Updated at 10:02 am EST
Apple Inc. (AAPL) - Get Free Report shares extended declines Thursday after analysts at Bank of America lowered their rating and price target on the world's most-valuable tech company, citing fading consumer demand and a weak reception for the new iPhone 14.
BofA Global Research analyst Wamsi Mohan loped $25 from his Apple price target, lowering it to $160 per share, while cutting his rating on the stock 'neutral', as he anticipated "material negative estimate revisions" for its near-term profits.
Mohan noted what he called a "weaker iPhone 14 cycle", set against elevated risks to global consumer spending, decelerating gains in services revenues, a return to pre-COVID demand levels for iPads and Macs, and headwinds from the surging U.S. dollar.
"Apple shares have outperformed significantly this year and have been perceived as a relative safe haven," Mohan said in client note. "However, we see risk to this outperformance over the next year ... driven by weaker consumer demand."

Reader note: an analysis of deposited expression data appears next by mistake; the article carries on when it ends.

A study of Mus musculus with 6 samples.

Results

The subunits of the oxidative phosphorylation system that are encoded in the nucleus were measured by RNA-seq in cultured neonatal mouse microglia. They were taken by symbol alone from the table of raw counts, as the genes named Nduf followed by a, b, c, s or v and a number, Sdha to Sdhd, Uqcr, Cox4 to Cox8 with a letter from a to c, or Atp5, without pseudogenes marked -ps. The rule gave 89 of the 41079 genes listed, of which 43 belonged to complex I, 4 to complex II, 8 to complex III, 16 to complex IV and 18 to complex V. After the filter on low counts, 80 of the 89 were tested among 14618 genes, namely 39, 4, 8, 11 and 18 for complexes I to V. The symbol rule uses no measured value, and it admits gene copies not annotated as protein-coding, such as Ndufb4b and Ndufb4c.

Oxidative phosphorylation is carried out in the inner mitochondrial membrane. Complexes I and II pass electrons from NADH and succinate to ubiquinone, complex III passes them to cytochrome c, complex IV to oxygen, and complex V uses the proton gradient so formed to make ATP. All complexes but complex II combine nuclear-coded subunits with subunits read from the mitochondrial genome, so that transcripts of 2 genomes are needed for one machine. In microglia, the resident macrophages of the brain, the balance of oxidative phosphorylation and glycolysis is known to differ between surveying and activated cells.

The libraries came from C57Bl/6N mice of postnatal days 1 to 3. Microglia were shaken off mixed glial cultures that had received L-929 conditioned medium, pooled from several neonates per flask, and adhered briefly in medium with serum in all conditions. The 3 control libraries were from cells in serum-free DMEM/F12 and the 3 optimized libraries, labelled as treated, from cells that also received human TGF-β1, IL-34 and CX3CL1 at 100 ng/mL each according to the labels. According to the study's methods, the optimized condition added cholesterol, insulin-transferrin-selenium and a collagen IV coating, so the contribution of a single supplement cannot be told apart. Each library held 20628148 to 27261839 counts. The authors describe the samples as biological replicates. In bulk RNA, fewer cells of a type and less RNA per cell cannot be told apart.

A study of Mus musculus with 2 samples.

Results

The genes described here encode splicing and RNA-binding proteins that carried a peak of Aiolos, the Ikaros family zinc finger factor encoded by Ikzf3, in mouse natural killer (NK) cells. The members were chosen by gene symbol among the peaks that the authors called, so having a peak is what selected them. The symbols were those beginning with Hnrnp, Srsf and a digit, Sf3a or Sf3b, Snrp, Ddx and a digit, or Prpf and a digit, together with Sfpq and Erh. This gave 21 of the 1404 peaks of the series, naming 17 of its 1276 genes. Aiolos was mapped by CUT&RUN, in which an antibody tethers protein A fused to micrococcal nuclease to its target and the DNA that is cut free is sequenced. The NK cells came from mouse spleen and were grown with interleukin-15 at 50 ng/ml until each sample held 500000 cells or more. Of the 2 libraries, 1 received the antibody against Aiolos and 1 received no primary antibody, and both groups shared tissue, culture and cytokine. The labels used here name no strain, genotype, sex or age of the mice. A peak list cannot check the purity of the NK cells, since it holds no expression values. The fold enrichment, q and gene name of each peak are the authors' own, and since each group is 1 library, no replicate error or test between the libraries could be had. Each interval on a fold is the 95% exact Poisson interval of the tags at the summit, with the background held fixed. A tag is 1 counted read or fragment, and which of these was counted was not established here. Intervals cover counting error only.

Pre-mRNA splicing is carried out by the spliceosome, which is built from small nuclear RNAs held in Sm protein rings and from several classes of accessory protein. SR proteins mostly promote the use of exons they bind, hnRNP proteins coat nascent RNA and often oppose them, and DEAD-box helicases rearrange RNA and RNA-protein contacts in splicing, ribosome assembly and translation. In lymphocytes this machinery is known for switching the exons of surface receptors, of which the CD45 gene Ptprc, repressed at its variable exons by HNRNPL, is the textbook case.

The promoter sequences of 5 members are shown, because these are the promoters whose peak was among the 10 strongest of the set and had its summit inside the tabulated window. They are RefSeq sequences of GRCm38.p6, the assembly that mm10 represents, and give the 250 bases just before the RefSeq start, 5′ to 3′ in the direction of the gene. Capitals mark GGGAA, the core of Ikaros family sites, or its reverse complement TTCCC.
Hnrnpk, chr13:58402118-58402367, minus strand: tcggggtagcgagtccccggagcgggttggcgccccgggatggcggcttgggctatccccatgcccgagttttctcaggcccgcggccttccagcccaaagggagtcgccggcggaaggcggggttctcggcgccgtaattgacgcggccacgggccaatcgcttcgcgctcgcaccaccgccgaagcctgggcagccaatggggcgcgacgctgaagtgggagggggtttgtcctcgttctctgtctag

Apple shares were marked 4% lower in early Thursday trading to change hands at $143.83 each, extending their one-month decline to around 10.9%.
Earlier this week, Bloomberg reported that Apple has instructed suppliers and assemblers to pare back plans to boost production of the newly-launched iPhone 14 by as many as 6 million units, opting instead to chase a target of 90 million -- roughly in-line with last year's tally and its early summer forecast -- for the second half of this year.
That followed a cautious outlook from its main assembler, Foxonn, which has forecast current-quarter smartphone revenues coming in flat to last year, citing "geopolitics, inflationary pressure and the Covid pandemic.
Apple declined to provide detailed September quarter revenue guidance following its better-than-expected third quarter earnings in late July, but said overall revenue growth would likely outpace gains over the three months ending in June.
Apple said solid China demand, as well as a muted supply chain hit, helped iPhone revenues rise 2.8% from last year to $40.67 billion over the June quarter, just ahead of the $40.5 billion Street forecast.